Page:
Assuming the part-time position of Wilson County Schools Public Information Officer in 2014 came naturally for longtime journalist and editor Amelia Morrison Hipps.
Education is something both she and her husband, retired broadcast journalist Jim Hipps, are passionate about. Jim is currently the crossing guard at Tucker's Crossroads Elementary and teaches domestic violence classes to offenders assigned by the court.
"When I say I have been moved emotionally by what I've observed in our county school system, I'm not joking. We are truly blessed to have such committed individuals in our school system," she said.
"I wish everyone had the opportunities that I do to hear the excitement and enthusiasm everyone in the system has about his or her job."
Her new job does not mean that Hipps is leaving the newspaper world behind. The former managing editor of The Lebanon Democrat and writer for The Wilson Post currently serves as managing editor of The Tennessee Press, a monthly trade association publication for the members of the Tennessee Press Association. Hipps, born in El Paso, Texas, and raised in Chickamauga, Georgia, started her newspaper career in 1982 as a feature writer at the Chattanooga News-Free Press.
The Shorter College graduate studied for her master's degree in journalism at The University of Georgia, where she was one of 16 international students selected as a fellow in the last Media Leadership for Journalism Graduate Students Fellowship Program at the Poynter Institute for Media Studies in St. Petersburg, Florida.
In her 20s, Hipps left the newspaper industry for a few years and worked as the administrative assistant for the directors of public relations and alumni affairs at The McCallie School for Boys in Chattanooga, and in public relations and publication production for Erlanger Medical Center, the University of Tennessee Chattanooga and Corporate Relations, a public relations firm.
In addition to her positions in Lebanon, Hipps newspaper career history includes: reporter at the Toccoa Record (Georgia), reporter/editor of the Walker County Messenger (Georgia), managing editor of The Dothan Progress (Alabama), managing editor/COO of the Enterprise Ledger (Alabama) and executive editor of the Statesboro Herald (Georgia).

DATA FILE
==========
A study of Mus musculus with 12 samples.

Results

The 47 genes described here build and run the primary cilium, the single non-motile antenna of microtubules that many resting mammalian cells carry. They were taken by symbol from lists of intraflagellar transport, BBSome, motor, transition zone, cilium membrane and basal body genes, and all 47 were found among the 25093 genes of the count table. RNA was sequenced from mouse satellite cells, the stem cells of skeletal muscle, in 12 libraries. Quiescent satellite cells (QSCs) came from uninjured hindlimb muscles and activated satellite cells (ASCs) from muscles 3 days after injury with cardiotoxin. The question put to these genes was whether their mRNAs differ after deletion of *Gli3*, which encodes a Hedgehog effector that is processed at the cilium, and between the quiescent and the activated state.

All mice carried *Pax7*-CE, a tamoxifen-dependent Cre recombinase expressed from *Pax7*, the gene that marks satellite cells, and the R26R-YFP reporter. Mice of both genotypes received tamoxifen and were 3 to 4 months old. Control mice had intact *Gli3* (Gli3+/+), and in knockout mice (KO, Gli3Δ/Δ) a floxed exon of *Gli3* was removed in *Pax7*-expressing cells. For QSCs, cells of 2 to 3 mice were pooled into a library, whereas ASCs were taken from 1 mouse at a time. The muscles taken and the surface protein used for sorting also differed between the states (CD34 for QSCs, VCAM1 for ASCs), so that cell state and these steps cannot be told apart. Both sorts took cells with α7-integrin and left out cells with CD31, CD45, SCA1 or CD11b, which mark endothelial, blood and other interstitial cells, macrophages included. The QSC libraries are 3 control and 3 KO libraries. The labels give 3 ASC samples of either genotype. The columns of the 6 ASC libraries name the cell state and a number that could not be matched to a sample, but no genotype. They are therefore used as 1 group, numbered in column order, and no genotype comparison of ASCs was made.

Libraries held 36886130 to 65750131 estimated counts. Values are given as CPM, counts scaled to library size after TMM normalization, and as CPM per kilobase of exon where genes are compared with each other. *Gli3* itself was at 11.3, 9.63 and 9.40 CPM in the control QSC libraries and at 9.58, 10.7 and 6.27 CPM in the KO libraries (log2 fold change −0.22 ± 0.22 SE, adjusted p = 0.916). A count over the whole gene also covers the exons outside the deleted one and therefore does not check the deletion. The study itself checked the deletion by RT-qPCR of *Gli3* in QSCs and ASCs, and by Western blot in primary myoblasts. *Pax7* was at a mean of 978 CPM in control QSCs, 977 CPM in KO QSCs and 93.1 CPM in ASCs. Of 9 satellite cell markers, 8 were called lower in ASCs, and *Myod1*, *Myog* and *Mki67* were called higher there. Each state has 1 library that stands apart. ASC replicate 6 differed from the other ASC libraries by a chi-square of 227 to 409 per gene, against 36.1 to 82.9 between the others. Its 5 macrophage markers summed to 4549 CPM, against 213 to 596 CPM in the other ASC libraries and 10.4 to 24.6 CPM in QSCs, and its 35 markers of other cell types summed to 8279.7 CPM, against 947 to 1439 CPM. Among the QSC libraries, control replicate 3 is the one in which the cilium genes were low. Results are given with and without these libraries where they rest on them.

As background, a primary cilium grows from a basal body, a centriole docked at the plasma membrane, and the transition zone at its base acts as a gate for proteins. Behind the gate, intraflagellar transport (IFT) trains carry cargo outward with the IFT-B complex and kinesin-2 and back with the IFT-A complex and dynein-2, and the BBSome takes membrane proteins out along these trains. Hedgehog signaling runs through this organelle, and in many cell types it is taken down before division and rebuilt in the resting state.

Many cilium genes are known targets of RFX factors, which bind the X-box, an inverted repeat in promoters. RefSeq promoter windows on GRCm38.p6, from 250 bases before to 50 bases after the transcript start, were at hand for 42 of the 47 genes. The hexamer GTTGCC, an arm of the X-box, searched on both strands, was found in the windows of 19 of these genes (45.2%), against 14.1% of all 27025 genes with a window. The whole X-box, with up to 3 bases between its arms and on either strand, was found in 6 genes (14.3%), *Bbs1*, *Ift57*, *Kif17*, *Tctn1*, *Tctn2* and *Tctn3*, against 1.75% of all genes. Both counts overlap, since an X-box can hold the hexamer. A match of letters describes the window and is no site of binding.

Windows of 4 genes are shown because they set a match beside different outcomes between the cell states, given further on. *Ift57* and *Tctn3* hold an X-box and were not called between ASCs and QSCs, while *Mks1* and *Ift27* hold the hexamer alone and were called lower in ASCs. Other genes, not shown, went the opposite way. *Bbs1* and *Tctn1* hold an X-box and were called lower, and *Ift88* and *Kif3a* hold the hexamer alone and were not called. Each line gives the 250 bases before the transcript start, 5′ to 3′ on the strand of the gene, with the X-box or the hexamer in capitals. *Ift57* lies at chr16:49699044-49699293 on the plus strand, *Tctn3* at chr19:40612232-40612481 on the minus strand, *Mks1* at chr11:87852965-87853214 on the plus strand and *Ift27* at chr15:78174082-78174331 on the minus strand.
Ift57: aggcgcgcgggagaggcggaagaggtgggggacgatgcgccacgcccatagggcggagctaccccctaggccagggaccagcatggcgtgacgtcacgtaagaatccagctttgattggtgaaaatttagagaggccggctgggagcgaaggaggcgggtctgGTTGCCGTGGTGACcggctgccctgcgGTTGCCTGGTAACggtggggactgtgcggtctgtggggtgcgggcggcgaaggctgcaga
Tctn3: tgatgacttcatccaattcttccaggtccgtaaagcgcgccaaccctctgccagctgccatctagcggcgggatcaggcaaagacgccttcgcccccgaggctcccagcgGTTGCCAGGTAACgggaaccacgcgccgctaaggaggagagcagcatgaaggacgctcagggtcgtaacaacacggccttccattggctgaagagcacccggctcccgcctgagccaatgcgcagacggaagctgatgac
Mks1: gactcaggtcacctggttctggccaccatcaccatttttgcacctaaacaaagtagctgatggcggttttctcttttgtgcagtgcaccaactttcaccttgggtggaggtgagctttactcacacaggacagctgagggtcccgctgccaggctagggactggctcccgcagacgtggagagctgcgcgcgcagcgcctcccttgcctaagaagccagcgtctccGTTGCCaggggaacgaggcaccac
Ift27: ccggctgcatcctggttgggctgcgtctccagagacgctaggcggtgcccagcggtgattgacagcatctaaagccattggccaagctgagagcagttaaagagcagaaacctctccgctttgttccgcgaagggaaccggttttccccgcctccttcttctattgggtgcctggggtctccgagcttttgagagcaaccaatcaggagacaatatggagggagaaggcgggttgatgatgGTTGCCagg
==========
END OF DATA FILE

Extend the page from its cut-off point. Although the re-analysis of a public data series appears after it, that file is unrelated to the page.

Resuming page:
It was during her time at the Statesboro Herald that she met the man she calls her "best friend and soul mate."
"We met in June 1999... he was the News Operations Manager at WSAV, the NBC affiliate station in Savannah, Georgia. The station manager of WSAV and the owner of The Herald had entered an agreement to share news stories between the television station and the four newspapers in the Morris Multimedia chain ringing Savannah.
"Jim and I met at a planning meeting to implement the exchanges. He was not part of the morning meeting, but was there for the afternoon one. I saw him standing at the end of this long conference table following a tour of their new weather station and thought to myself, 'Who is this tall, lanky redheaded Texan?'"
It was over two months later, on Aug. 28 when they had a first date. Hipps said she was the one who asked him out.
"I knew he was 'the one' at Thanksgiving that year when we had an argument. I wrote him a letter explaining my side of the situation, and after he read it, he said, 'I don't agree with everything in your letter, but that's your perception of the situation, so that's your reality, and I respect that. We need to talk this through to reach a compromise.'
"Right then and there, I knew I wanted to spend the rest of my life with him because he respected my views and was willing to work on the problem," Hipps remembered. "In every way possible, Jim is truly my soul mate. I know that sounds like a cliché, but I can't imagine my life with anyone other than him."
They will have been married for 13 years on Sept. 7.
The couple moved to Wilson County in 2006, when Hipps accepted the managing editor position at The Lebanon Democrat. Although she resigned in January 2012, due to her late father's declining health, the Hipps family kept their roots planted in Lebanon.
She said that since her father's passing on Jan. 30, 2013 from congestive heart failure, her mother has even considered relocating to Tennessee a time or two.
"Twice since my daddy's death, my mother has considered selling her home, which she's lived in for over 50 years in Chickamauga, and moving to Wilson County. I had to let her work through that process mentally and emotionally, trying not to influence her but to offer the pros and cons of such a dramatic change at her age, just as she did for me when I was young," Hipps said. "She decided both times to stay in Chickamauga, where she has a full life with a wonderful church family, many life-long friends and is involved in several volunteer activities."
Hipps, a mother to three "four-legged" children, serves on the board of New Leash on Life, the local no-kill animal shelter.
In her spare time, she loves to read historical fiction and biographies, and watch movies and documentaries with her husband. "We are both political junkies... Some folks would get a kick out of listening to our running commentaries while watching politicians," she said.
The woman she most admires is her paternal grandmother, affectionately referred to as "Mommaw."
"Mommaw was a remarkable lady in my eyes. Despite many challenges and obstacles both early in life and later, she had the most awesome loving spirit. If you knew her history, you would understand how and why she could have justifiably become a very bitter woman. But instead, she was the most loving, caring and non-judgmental lady I've ever know."
Staff Writer Sabrina Garrett may be contacted at email@example.com.